Attorney General Eric Holder on Thursday said he will seek to require that the state of Texas clear all of its voting changes with the federal government, firing the opening salvo in a new battle over the Voting Rights Act.
"This is the department’s first action to protect voting rights following the Shelby County decision, but it will not be our last," Holder said in Philadelphia, according to prepared remarks.
The Supreme Court last month ruled in Shelby County v. Holder that the voting law's requirement that states with a history of discrimination clear changes to their polling practices was unconstitutional, putting enforcement of the law in doubt.
"Today I am announcing that the Justice Department will ask a federal court in Texas to subject the State of Texas to a preclearance regime similar to the one required by Section 4 of the Voting Rights Act," Holder said.
The attorney general argued the move to put Texas under such a system is made possible by another portion of the voting law that the court did not strike down. He said states can be brought back under a "preapproval" process when "intentional voting discrimination is found."
He said a redistricting case last year provides all the evidence a court would need to bring Texas's voting laws under federal review.
"Based on the evidence of intentional racial discrimination that was presented last year in the redistricting case, Texas v. Holder — as well as the history of pervasive voting-related discrimination against racial minorities that the Supreme Court itself has recognized — we believe that the State of Texas should be required to go through a preclearance process whenever it changes its voting laws and practices," he said.
Texas Gov. Rick Perry (R) blasted Holder's move as "demonstrating utter contempt for our country's system of checks and balances, not to mention the U.S. Constitution."
“This end-run around the Supreme Court undermines the will of the people of Texas, and casts unfair aspersions on our state's common-sense efforts to preserve the integrity of our elections process."
"The goal of the administration… is to protect the constitutional rights of all Americans," White House spokesman Josh Earnest said to reporters aboard Air Force One. "That includes protecting the voting rights of all Americans who are eligible to vote. That’s the goal here. I would assume that that would be a goal that would also be supported by congressional Republicans. We’ll see."
The Justice Department will be filing a “statement of interest” in a lawsuit in San Antonio. Judges there are reviewing a district map drawn up by the state’s GOP majority that opponents say discriminates against Hispanics.
Texas lawmakers approved the new district maps on an interim basis last month.
The fight comes after the Supreme Court's 5-4 decision in June struck down a part of the 1965
Voting Rights Act that had required certain states with documented
histories of racial discrimination — most of them in the South — to get
federal approval before changing their voting procedures.
Writing for the majority, Chief Justice John Roberts argued that the Section 4 formula dictating which states are subject to the additional scrutiny is unconstitutional. Roberts left intact Congress's Section 5 powers to monitor elections to ensure fairness, but emphasized that lawmakers would have to pass new legislation to determine which states, if any, require the federal monitoring.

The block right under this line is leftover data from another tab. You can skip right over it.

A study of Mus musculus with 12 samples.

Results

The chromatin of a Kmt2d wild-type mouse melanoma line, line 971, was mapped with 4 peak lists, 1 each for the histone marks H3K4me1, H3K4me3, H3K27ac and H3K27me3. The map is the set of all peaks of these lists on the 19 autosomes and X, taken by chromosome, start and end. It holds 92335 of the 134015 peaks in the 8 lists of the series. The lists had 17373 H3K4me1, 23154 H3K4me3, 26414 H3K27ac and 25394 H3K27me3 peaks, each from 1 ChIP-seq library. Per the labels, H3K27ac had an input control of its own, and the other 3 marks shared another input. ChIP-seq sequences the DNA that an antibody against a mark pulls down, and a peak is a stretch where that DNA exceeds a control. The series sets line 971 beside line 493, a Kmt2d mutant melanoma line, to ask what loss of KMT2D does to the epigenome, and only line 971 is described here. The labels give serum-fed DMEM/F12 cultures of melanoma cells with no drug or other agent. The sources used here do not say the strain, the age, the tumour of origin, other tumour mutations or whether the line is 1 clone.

"Our country has changed, and while any racial discrimination in voting is too much, Congress must ensure that the legislation it passes to remedy that problem speaks to current conditions," Roberts wrote.
President Obama denounced the Supreme Court ruling, saying it "upsets decades of well-established practices that help make sure voting is fair, especially in places where voting discrimination has been historically prevalent."
Civil rights icon Rep. John Lewis (D-Ga.) echoed Obama's criticism, saying he was "deeply concerned that Congress will not have the will to fix what the Supreme Court has broken.” Lewis has become a leader of the congressional push to pass a new voting law.
In the wake of the decision, some states moved quickly to implement new voting rules that had been held up by the pre-clearance requirement.
On the same day of the Supreme Court
ruling, Texas Attorney General Greg Abbott announced that a state-passed
voter ID law would "take effect immediately." The Texas law requires people present state-issued photo identification before voting, which supporters say is needed to prevent voting fraud.
Holder on Thursday defended the pre-clearance system that the high court struck down, arguing it “served as a potent tool for addressing inequities in our election systems."
"I believe we must regard this setback not as a defeat, but as an historic opportunity: for Congress to restore, and even to strengthen, modern voting protections,” Holder said.
But the attorney general also said administration officials would not sit idly by while they wait for lawmakers to pass new legislation.
"Even as Congress considers updates to the Voting Rights Act in light of the court’s ruling, we plan, in the meantime, to fully utilize the law’s remaining sections to subject states to preclearance as necessary. My colleagues and I are determined to use every tool at our disposal to stand against such discrimination wherever it is found."
— This story was last updated at 2:21 p.m.